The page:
It’s a promising time in the property market, with several recent initiatives making it easier to get a loan – and to borrow more. In fact, in light of the Reserve Bank’s historic June interest rate cut and the likely easing of lending criteria, we’re already seeing an increase in buyer activity, with the REIV also reporting an improvement in auction clearance rates.
Attractive Interest Rates
The June cut saw a further .25% slashed off an already-low rate, taking the cash rate to an historic low of 1.25%. While it had remained steady at 1.50% since August 2016, some experts are also predicting further potential cuts this year.
While banks passed on all or most of the RBA cut, it’s good news for home owners, buyers and, subsequently, vendors. Anyone whose lender passed on the rate cut in full will, with an average variable rate $400,000 home loan over 30 years, save $58 per month, and over $21,000 in interest over the life of the loan.
Anyone on a variable rate, however, who continues to pay off their mortgage at their old rate can potentially knock both years and thousands of dollars off their loan. Here’s some further information on how the interest rate cut might affect your loan.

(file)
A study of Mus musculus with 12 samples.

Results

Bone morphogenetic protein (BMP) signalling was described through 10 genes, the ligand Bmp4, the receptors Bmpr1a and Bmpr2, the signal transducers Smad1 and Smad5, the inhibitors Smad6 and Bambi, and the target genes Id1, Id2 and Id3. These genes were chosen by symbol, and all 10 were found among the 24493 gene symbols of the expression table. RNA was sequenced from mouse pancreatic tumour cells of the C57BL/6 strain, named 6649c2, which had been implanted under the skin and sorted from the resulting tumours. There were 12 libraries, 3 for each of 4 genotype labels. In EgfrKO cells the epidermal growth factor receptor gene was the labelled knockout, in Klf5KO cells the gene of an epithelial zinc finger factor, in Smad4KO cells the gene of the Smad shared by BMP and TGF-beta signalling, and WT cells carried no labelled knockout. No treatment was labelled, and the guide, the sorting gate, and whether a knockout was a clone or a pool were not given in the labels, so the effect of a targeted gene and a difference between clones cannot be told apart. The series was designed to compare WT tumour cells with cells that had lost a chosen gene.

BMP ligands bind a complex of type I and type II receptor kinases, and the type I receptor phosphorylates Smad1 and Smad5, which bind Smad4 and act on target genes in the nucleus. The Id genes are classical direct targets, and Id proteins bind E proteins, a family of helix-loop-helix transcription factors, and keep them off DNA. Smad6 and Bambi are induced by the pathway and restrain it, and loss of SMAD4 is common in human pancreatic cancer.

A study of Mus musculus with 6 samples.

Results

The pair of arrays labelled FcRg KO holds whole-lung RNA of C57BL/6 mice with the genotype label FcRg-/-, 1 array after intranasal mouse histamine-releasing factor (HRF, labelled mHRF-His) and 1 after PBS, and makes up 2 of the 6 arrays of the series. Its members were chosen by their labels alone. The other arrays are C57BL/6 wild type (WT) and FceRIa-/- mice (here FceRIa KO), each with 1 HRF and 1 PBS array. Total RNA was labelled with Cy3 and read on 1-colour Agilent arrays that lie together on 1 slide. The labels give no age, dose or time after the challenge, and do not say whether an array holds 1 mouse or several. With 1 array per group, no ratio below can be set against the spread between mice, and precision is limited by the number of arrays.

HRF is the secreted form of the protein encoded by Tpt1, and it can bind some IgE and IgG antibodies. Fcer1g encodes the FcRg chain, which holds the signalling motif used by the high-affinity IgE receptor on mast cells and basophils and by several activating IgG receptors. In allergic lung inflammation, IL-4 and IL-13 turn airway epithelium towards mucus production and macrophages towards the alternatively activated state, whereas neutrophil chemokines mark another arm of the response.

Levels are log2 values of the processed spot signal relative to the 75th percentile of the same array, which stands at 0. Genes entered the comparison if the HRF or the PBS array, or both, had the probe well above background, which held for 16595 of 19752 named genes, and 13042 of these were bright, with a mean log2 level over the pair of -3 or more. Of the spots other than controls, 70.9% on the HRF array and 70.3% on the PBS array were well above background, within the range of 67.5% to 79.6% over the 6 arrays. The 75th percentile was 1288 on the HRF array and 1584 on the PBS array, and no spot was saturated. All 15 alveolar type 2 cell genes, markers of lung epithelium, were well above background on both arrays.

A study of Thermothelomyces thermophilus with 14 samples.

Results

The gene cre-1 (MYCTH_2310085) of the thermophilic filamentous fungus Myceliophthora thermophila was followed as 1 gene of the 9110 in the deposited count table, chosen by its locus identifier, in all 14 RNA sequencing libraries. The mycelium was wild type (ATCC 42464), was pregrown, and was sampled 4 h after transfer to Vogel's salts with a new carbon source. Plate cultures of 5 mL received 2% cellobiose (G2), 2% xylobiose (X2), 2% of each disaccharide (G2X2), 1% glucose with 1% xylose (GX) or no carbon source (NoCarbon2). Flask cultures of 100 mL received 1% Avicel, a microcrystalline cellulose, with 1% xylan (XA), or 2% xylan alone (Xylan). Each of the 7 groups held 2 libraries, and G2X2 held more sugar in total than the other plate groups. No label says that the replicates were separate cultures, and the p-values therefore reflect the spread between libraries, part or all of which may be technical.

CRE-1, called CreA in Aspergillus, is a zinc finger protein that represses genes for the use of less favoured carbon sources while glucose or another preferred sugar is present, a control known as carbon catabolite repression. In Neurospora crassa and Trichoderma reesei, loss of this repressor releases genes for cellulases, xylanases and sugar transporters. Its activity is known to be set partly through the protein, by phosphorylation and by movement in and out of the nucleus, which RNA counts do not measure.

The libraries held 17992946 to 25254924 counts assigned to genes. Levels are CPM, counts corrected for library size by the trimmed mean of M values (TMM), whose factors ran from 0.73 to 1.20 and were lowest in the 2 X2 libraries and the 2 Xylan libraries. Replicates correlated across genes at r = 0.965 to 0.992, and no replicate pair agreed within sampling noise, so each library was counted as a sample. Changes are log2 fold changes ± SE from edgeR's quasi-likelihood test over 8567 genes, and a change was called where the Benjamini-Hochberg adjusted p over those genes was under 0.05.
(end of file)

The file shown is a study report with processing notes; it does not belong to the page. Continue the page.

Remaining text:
APRA Recommends Easing Lending Criteria
The welcomed easing of monetary policy came on the back of Australia’s banking regulator, APRA, recommending that banks remove the 7% serviceability buffer on home loans. While lenders currently assess whether borrowers can afford their repayments using a minimum interest rate of at least 7%, they would instead be allowed to review and set their own minimum interest rate floor in assessing serviceability.
“With interest rates at record lows,” explains APRA Chair Wayne Byres, “and likely to remain at historically low levels for some time, the gap between the 7% floor and actual rates paid has become quite wide in some cases – possibly unnecessarily so.
“In addition, the introduction of differential pricing in recent years – with a substantial gap emerging between interest rates for owner-occupiers with principal-and-interest loans on the one hand, and investors with interest-only loans on the other – has meant that the merits of a single floor rate across all products have been substantially reduced.”
Overall, it’s very encouraging to see a number of economic factors coinciding to favour the Australian property market. Also welcome are early signs of an upswing in the property cycle sooner than expected.